This is one more case in a recent series of relator suits against large financial institutions that've been accused to tax-shenanigans.
David Danon was an in-house lawyer for Vanguard when he secretly filed a complaint in a New York state court, shining a light on Vanguard's underpayment of state and federal taxes to the tune of about $1 billion. Not surprisingly, he was soon let go and another complaint was filed against Vanguard. But the court dismissed the suit on the theory that Danon had violated local ethics rules concerning client confidentiality and privilege. It did not detail the merits of Danon's claims or his allegations.
The latest is that the SEC has decided to intervene in Danon's favor, claiming that the now-ex-employee should enjoy U.S. whistleblower protections. Vanguard has moved the district court to dismiss the case, and Danon has parried with a motion to deny.
The current environment for regulators and financial institutions is tumultuous and nobody seems to know what rules apply -- or how. Controversies have erupted in recent years over questions of who whistleblowers are, and how much protection they should enjoy -- particularly when those whistleblowers owe their clients a fiduciary duty, like lawyers.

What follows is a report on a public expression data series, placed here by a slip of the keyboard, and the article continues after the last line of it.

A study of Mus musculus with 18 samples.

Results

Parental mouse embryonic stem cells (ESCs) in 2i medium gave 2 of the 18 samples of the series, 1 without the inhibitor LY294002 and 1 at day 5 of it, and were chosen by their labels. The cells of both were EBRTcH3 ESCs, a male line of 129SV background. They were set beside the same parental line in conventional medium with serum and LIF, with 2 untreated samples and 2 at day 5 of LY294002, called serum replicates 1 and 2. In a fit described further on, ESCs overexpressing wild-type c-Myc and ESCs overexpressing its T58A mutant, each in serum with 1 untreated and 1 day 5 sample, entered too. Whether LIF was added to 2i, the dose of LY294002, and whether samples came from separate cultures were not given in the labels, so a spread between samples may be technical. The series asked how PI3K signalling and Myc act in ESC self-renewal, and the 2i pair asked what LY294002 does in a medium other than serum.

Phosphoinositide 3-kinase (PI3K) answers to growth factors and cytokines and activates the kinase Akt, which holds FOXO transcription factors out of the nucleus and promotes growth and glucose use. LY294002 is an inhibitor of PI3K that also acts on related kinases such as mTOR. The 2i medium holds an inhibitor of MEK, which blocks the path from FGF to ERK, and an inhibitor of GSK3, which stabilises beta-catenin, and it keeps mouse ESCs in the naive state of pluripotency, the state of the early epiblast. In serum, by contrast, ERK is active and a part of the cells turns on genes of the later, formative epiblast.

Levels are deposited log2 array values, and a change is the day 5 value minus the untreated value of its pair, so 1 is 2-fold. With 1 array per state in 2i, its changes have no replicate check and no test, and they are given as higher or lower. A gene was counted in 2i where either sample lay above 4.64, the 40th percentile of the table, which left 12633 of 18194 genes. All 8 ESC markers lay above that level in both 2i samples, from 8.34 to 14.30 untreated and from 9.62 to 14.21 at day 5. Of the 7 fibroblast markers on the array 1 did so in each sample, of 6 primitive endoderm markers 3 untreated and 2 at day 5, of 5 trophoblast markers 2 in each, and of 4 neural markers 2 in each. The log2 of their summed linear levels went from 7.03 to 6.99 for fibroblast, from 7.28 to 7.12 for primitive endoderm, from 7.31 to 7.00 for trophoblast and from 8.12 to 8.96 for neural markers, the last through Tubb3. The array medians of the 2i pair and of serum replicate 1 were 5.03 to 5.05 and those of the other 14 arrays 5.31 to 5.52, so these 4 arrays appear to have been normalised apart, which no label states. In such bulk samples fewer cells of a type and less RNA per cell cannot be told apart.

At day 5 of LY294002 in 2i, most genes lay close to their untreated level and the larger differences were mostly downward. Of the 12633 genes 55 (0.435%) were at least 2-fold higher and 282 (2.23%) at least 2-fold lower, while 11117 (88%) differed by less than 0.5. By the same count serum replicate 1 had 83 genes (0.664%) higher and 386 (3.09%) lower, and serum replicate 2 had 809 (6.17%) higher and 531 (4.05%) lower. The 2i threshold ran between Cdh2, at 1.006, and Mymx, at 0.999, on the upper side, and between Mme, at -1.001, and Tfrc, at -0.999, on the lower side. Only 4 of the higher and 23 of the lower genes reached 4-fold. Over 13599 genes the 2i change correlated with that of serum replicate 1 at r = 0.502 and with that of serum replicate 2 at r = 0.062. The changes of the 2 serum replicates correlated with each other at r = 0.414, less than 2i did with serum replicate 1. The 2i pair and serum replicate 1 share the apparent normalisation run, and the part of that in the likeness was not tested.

In the formative years of Dodd Frank, companies argued that workers and company lawyers should be encouraged to report up the food chain first. However, there has been a sea-change in sentiment as more companies now believe that lawyers should skip the board and go straight to government authorities. Court opinions are hardly consistent. One court has opined that lawyers must stick with a more "keep it in the family" approach while another court has favored the alternative view.
This leaves many in-house lawyers stuck between a rock and a hard place. Company tax evasion is illegal and arguably bad for the company. But in-house lawyers cannot simply report that information to the SEC or local authorities willy-nilly. It's bad for the company (not to mention your career). Prudent attorneys will have to take the reasonable path and check local ethics rules.
Meeting with a lawyer can help you understand your options and how to best protect your rights. Visit our attorney directory to find a lawyer near you who can help.